Turning up the heat on solar competitors
Mark Tuke, who founded the business in 2008, has been forced to defend his stance on solar since day one. Tuke says he started the business after recognising a flaw within the industry.
“I knew there was a problem with the model. Everyone was convincing people to go small and quick, so [charging a premium] has been a principle I’ve had to defend since day one,” he says.
“I believe the entire industry in Australia is upside down – it’s all about price. Solar retailers have flooded the market on the back of rebates.”
“A lot of our competitors don’t want to serve their customers. They just want to sell appliances. We refused to go low price and low quality; we pay for a premium for our components.”
While Sun Connect prides itself on its offering, it has faced an uphill battle to secure customers.
“The mainstay of our entire business model and performance has cost us quite a lot of market share and turnover… We probably could have turned over three times as much as what we have, in dollar turnover, but we would have sacrificed our components,” Tuke says.
“We do get a little bit of customer attrition but we explain the benefits of solar power rebates they may be eligible for. Some people still go purely based on price, so we do lose customers to cheaper competitors.”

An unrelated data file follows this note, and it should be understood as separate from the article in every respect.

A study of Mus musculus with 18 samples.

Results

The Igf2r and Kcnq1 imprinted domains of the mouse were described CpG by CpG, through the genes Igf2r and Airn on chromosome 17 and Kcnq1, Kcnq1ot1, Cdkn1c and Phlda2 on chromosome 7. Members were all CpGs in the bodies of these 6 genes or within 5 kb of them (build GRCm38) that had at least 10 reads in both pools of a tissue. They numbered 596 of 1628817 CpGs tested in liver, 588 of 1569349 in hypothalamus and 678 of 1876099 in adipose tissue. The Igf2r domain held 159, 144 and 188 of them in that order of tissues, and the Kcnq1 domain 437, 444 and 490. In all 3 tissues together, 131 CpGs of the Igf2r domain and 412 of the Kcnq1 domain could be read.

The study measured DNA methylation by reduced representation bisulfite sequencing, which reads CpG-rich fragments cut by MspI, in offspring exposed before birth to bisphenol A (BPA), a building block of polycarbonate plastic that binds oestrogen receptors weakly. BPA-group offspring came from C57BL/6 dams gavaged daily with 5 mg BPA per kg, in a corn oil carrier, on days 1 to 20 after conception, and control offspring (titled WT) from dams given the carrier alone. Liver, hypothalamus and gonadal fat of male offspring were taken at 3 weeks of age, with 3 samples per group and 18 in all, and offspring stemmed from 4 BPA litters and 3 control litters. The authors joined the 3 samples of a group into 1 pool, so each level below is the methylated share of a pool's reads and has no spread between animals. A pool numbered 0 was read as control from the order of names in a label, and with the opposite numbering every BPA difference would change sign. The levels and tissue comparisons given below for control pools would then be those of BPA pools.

Tuke points out that Sun Connect relied a lot less on rebates than many of its competitors, so the removal of various rebates hasn’t had a huge impact on the business.
He says while renewable energy is a highly topical issue at present, he welcomes the debate and believes it is just the beginning for the solar industry.
“It’s an interesting environment and a long overdue environment. We’re on the cusp of a massive shift in the renewable energy market,” he says.
“It’s great news for our company. We can take advantage of it in the right way and help to spread solar. In terms of the retail market, I’ve been waiting for this for a long time – consolidation of the industry with a cleaning out of the cheaper players.”
“I refer it as the rebirth of the solar industry and I’m really happy it’s happened. We’ll continue to build on that.”
Last financial year, Sun Connect had a turnover in the $20-25 million mark, according to Tuke. In the 2012 financial year, the company is predicting revenue of anywhere between $30-40 million.
Despite the company’s struggle to secure customers, it has experienced incredible growth, with staff scattered in Perth, Sydney and Melbourne.
We’ve come from two staff to nearly 80 in less than three years and, within an industry which can be at times turbulent, we have continued our growth… We’ve installed over 2,000 solar energy systems across Australia,” Tuke says.
His advice to other start-ups?
“Try to be countercyclical against everything you see as a problem. If everyone out there is cheap, don’t try to beat them on price – play a different game.”